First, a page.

Ruddiman Creek Watershed Public Health Consultation ReleasedJuly 17, 2001
The Michigan Department of Community Health (MDCH) has released the draft Public Health Consultation for the Ruddiman Creek watershed for public comment. The consultation has found that sediments in Ruddiman Pond, and the north and west branches of Ruddiman Creek pose no apparent public health hazard. However, sediments in the main branch of Ruddiman Creek, particularly the area between Glenside Avenue and Barclay Road, are contaminated with polychlorinated biphenyls (PCBs) and lead. These contaminants could pose potential risks for children playing in and around the creek, but additional information on concentrations of these contaminants in the creek is needed before it can be determined if there is a public health concern.
The Ruddiman Creek watershed covers approximately 5.6 square miles in Muskegon County. The west, north and main branches of Ruddiman creek flow through areas of dense residential development. The main branch of the creek is located less than 100 feet from several apartment complexes and the Glenside Elementary School. The three branches of the creek flow into Ruddiman Pond, which is located adjacent to McGraft Park, a popular suburban park. Area residents, including children, fish and play in and around the creek branches and in the pond.
In October 2000, the Michigan Department of Environmental Quality (MDEQ), Surface Water Quality Division, in cooperation with the Army Corps of Engineers, completed a Phase II environmental investigation of Ruddiman Creek under the Corps' Great Lakes Remedial Action Plan technical assistance program. The objective was a preliminary assessment of the nature and extent of impacts to the watershed. Fifty-one locations were sampled throughout the watershed, including locations in the main, west and north branches of Ruddiman Creek, and Ruddiman Pond. The MDEQ has determined that contaminants detected in the Ruddiman Creek watershed can be toxic to animals that live in the creek and pond sediments.
In October 2000, the MDEQ asked the MDCH to investigate the human health effects of exposure to the contaminated sediments in the Ruddiman Creek watershed. This draft Public Health Consultation is a result of the Department of Community Health findings and makes recommendations for future actions to investigate and address potential public health concerns.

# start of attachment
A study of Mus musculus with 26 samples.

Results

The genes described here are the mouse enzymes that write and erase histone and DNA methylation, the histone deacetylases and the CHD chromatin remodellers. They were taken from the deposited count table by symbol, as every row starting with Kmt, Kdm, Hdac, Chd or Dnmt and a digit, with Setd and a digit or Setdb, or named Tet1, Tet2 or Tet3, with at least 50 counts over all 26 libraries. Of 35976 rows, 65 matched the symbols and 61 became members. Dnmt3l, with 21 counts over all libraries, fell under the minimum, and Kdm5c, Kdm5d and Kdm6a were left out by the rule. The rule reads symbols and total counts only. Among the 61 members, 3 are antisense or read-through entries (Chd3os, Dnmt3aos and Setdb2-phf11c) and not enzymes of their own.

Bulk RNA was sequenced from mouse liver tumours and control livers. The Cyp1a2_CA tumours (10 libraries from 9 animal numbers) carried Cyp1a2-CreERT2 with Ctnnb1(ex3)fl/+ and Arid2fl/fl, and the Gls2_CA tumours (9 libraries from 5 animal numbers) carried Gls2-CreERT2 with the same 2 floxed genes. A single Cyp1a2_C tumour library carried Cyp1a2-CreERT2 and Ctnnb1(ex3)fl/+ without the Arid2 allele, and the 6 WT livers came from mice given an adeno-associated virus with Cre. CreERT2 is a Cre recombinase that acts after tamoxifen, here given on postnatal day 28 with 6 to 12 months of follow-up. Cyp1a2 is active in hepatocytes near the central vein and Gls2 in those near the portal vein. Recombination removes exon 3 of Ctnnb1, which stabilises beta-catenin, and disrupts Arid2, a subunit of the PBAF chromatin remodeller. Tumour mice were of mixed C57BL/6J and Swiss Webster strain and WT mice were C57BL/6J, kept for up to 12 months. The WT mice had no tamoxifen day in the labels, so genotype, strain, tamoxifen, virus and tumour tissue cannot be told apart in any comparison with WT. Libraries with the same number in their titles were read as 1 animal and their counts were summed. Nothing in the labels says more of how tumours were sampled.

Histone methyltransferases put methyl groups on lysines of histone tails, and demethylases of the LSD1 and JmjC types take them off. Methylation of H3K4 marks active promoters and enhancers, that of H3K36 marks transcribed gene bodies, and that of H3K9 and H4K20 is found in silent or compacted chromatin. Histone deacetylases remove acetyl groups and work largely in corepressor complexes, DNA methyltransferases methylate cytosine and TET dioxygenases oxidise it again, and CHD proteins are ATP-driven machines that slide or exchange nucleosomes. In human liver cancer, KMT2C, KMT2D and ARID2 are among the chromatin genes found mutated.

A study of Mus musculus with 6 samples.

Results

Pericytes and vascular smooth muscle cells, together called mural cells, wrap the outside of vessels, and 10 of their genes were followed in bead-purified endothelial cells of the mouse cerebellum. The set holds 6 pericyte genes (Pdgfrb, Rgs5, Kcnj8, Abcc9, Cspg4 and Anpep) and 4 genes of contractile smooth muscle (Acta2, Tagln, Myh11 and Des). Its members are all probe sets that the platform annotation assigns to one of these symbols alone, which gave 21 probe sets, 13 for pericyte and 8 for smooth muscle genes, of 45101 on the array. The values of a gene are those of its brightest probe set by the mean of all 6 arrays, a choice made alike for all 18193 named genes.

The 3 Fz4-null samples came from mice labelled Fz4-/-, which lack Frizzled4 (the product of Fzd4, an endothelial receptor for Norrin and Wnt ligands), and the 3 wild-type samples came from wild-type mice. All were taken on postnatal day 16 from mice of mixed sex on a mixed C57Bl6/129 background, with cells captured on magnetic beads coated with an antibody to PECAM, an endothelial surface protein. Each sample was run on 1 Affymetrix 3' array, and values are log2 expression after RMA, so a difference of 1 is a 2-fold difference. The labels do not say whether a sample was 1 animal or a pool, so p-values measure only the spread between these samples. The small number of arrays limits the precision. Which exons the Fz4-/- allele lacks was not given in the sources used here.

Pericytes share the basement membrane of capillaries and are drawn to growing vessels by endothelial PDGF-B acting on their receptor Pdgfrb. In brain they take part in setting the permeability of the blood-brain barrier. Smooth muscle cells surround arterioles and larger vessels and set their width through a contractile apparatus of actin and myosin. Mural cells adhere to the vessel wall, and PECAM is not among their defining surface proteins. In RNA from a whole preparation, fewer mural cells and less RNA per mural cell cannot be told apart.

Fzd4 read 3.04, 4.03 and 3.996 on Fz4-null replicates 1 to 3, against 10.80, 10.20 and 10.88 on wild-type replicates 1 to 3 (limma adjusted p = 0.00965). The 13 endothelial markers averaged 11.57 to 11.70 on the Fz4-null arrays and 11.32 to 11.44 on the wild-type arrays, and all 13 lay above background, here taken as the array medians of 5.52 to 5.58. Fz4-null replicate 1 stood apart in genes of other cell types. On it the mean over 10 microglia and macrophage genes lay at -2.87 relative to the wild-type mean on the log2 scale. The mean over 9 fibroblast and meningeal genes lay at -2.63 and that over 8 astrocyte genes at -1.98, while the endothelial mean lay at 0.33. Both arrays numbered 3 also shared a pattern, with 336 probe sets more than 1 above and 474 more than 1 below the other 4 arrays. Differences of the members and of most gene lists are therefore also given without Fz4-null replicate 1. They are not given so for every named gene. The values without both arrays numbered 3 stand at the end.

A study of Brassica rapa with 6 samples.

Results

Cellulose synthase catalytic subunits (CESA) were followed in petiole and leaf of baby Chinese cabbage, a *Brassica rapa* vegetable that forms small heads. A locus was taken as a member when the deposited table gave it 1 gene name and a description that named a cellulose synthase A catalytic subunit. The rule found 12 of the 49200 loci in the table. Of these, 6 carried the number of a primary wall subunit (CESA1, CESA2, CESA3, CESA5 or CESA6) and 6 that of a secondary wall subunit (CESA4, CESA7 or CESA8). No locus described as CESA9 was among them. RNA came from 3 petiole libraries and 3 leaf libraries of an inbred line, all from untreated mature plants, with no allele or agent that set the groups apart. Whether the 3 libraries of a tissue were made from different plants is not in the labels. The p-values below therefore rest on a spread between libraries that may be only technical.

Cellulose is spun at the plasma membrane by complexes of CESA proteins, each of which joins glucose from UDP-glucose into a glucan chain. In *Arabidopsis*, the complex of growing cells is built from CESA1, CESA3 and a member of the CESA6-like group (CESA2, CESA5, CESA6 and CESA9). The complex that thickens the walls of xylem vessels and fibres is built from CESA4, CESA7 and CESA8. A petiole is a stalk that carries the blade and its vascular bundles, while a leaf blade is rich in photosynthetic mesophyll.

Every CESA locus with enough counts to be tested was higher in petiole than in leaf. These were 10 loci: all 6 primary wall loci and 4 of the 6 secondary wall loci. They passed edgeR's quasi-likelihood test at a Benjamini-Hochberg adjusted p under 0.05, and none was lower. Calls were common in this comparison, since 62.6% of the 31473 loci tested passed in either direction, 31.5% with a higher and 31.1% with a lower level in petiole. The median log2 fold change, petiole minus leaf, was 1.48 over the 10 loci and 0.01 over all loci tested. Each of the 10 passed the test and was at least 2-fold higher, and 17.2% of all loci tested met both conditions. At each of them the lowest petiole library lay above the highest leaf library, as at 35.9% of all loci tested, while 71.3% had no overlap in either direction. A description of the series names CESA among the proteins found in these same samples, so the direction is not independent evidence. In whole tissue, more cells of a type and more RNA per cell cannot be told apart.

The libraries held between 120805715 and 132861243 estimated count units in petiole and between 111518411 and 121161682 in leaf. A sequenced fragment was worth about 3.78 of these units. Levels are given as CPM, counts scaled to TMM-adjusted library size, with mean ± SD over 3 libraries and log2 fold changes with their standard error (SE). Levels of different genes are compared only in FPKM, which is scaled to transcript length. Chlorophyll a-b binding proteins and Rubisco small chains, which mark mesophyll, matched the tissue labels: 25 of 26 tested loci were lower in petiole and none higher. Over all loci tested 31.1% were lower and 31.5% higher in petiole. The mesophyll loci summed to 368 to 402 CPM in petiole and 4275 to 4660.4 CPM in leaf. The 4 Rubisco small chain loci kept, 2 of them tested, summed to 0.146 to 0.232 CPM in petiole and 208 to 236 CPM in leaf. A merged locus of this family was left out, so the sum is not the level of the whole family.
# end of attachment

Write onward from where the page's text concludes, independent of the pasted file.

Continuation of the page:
The Department of Community Health recommends additional sampling to further characterize the contamination in sediments in the main branch of the creek and sampling and analysis of fish in the watershed. The MDEQ is currently conducting additional sampling of sediments, surface water and fish throughout the watershed. The MDCH will evaluate this information when it becomes available and will revise the Public Health Consultation as appropriate to protect public health.
Until contaminant levels and the extent of contamination can be fully determined, the MDCH recommends posting warning signs in areas of the main branch of the creek where children are likely to play. The Muskegon Lake Remedial Action Plan Public Advisory Council, Ruddiman Creek Task Force is also strongly encouraged to continue its public education efforts at the Glenside Elementary School and the Department of Community Health is available to provide assistance in these efforts if requested.
The Department of Community Health welcomes further public comment on the Public Health Consultation and remains interested in new information regarding the site. Copies of the Public Health Consultation are available in Muskegon at the Hackley Public Library at 316 West Webster Avenue and at the Muskegon Community College Library at 221 South Quarterline Road for public review.
Information and comments should be addressed to the Michigan Department of Community Health, Division of Environmental and Occupational Epidemiology, 3423 North Martin Luther King Jr. Blvd., P.O. Box 30195, Lansing, Michigan 48909. People may also call the toll-free telephone number, 1-800-648-6942 (1-800-MI-TOXIC). Comments on the Public Health Consultation must be received by August 17, 2001. All comments received will be evaluated and considered and responses will be provided in the final version of the Consultation.
The Michigan Department of Community Health Division of Environmental and Occupational Epidemiology conducted the Public Health Consultation for the Ruddiman Creek Watershed under a cooperative agreement with the federal Agency for Toxic Substances and Disease Registry (ATSDR). Information concerning the human health effects of exposure to PCBs and lead can be found on the Agency for Toxic Substances and Disease Registry (ATSDR) web page at http://www.atsdr.cdc.gov/toxfaq.html.